PhD discipline: English Literature
Area(s) of work: civil service; tax consultant; accountancy; film and fiction writing, university teaching
Year of graduation: 1995
Date of Interview: 29/05/2008

Nick - employer attitudes to the PhD
Nick talks about how he found work after his PhD and how it evolved into a permanent post.

How do you feel your PhD status is regarded in your current position?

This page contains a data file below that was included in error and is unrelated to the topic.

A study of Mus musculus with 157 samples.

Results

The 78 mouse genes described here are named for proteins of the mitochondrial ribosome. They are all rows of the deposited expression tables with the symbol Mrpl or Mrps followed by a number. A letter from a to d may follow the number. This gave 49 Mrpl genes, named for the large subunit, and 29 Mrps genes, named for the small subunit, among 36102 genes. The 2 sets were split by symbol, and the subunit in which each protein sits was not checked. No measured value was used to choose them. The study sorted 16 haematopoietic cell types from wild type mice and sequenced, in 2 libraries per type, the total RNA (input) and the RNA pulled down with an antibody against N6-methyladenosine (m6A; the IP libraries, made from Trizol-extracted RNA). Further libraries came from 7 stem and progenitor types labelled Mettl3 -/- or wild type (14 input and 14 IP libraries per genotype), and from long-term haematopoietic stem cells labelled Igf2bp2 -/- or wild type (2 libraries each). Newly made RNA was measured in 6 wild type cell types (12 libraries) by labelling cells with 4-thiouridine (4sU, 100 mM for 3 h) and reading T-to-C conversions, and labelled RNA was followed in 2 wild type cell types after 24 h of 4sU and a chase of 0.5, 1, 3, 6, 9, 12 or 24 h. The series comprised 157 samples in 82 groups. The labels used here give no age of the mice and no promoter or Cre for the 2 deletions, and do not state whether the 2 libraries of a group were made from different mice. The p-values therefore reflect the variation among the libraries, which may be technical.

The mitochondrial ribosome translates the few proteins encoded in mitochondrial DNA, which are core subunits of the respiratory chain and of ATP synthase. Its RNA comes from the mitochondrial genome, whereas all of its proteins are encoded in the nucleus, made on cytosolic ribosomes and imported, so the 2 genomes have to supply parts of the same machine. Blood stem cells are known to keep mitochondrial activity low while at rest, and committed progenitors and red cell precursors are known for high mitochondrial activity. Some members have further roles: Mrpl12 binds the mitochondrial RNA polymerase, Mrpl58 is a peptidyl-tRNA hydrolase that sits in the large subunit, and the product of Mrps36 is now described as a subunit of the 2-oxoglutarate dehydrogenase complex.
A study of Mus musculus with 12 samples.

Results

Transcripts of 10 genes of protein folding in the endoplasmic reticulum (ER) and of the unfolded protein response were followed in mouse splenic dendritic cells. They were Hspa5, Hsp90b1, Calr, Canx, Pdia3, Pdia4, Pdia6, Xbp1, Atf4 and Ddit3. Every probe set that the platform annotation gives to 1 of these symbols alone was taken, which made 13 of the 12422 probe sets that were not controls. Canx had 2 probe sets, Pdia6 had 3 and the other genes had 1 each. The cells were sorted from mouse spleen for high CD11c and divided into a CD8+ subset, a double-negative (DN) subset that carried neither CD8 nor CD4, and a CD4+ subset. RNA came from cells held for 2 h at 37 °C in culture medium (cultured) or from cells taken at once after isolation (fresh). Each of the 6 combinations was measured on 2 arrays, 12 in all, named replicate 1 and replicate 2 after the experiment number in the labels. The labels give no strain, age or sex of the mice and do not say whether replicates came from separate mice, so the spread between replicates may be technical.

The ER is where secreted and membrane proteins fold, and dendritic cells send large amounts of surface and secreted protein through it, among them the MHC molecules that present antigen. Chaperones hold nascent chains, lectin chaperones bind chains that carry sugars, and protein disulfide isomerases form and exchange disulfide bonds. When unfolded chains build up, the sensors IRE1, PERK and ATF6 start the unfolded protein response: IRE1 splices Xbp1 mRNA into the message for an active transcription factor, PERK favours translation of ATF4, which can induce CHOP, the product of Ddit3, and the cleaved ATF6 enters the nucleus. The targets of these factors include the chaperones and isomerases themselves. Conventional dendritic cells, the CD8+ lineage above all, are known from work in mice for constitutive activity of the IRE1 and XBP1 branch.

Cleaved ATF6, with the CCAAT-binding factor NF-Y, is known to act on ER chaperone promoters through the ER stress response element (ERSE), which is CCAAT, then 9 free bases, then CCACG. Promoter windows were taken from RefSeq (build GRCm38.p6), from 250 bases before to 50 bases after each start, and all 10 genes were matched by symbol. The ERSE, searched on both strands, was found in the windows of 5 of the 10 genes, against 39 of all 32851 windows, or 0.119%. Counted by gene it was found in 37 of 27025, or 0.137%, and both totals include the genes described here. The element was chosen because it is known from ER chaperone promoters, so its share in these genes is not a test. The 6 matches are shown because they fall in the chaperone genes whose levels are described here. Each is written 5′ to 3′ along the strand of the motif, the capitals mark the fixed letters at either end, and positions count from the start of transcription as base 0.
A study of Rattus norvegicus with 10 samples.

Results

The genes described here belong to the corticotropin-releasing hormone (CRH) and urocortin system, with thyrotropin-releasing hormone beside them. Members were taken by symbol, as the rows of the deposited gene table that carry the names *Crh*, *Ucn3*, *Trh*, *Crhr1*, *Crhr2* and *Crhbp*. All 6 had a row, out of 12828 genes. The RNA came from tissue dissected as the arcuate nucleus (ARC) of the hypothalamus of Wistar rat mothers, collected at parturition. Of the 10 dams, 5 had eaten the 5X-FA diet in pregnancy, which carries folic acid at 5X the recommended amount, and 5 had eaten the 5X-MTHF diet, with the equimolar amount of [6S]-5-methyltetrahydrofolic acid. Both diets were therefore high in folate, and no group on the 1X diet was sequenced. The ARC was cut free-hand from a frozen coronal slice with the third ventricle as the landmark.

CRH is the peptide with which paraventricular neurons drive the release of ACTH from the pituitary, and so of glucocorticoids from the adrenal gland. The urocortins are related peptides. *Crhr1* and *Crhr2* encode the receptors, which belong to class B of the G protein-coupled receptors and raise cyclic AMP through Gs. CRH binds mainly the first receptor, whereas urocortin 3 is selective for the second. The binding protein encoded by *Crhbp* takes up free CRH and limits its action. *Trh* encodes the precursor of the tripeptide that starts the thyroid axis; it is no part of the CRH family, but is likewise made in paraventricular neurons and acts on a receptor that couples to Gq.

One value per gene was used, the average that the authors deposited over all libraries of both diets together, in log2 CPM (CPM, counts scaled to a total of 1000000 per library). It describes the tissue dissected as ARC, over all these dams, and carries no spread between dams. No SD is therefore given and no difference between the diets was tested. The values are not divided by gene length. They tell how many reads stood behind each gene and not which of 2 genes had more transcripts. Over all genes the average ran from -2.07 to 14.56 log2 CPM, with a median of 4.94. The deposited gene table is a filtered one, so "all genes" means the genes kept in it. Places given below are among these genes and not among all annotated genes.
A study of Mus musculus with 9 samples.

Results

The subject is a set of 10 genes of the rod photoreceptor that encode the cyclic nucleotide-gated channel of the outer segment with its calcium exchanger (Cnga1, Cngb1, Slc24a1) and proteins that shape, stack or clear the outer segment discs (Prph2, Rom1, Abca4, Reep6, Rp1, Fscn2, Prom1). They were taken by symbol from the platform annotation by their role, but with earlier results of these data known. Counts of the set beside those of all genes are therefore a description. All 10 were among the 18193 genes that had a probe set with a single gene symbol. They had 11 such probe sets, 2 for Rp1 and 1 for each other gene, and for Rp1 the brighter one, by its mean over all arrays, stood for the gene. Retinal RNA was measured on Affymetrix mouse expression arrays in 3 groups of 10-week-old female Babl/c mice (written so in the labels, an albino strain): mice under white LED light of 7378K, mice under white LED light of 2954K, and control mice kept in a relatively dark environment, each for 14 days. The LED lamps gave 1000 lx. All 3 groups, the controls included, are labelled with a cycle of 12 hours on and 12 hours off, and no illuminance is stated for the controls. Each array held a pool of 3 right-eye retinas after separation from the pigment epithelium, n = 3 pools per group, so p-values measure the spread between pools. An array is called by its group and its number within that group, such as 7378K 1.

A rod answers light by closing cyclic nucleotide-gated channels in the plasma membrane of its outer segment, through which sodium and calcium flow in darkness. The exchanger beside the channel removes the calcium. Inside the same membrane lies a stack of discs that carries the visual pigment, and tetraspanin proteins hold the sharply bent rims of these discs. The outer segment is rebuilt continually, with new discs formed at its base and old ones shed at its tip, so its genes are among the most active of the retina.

Well it's great really. I mean, I couldn't have got - first of all - I couldn't have got my job, I mean I finished my PhD and I wrote to about four or five institutions and said I was available for teaching and part-time teaching, that kind of thing anything that comes up. And two people called me from the same institution. This institution two separate people called me and they said 'we've got this module in 19th century culture, would you teach it' and I said 'yes!' and I didn't even know what they were talking about, I just said 'yes!' And then somebody else phoned me up from the same institution and said 'we've got this 19th century fiction module' would you pick it up?' and I said 'sure!' And then I came down and suddenly realised I was teaching two double modules - teaching four modules. And I guess after that whole semester they kind of realised that it would be a pretty good idea, so kept me on full-time. Plus the fact that I had a chance conversation about - well it wasn't really a chance conversation - I engineered the conversation I guess. But I had some films being released at the same time and the Times did an interview with me and my first creative writing books were coming out at the same time so there was this kind of splash and I told everybody I was working here, although I was only hourly, but I didn't say that.  And then the local press picked it up and then everybody kind of thought 'who is this guy' and so on one hand, you know, I had the PhD that opened the door and then once the door was opened, I just gave a hefty kick.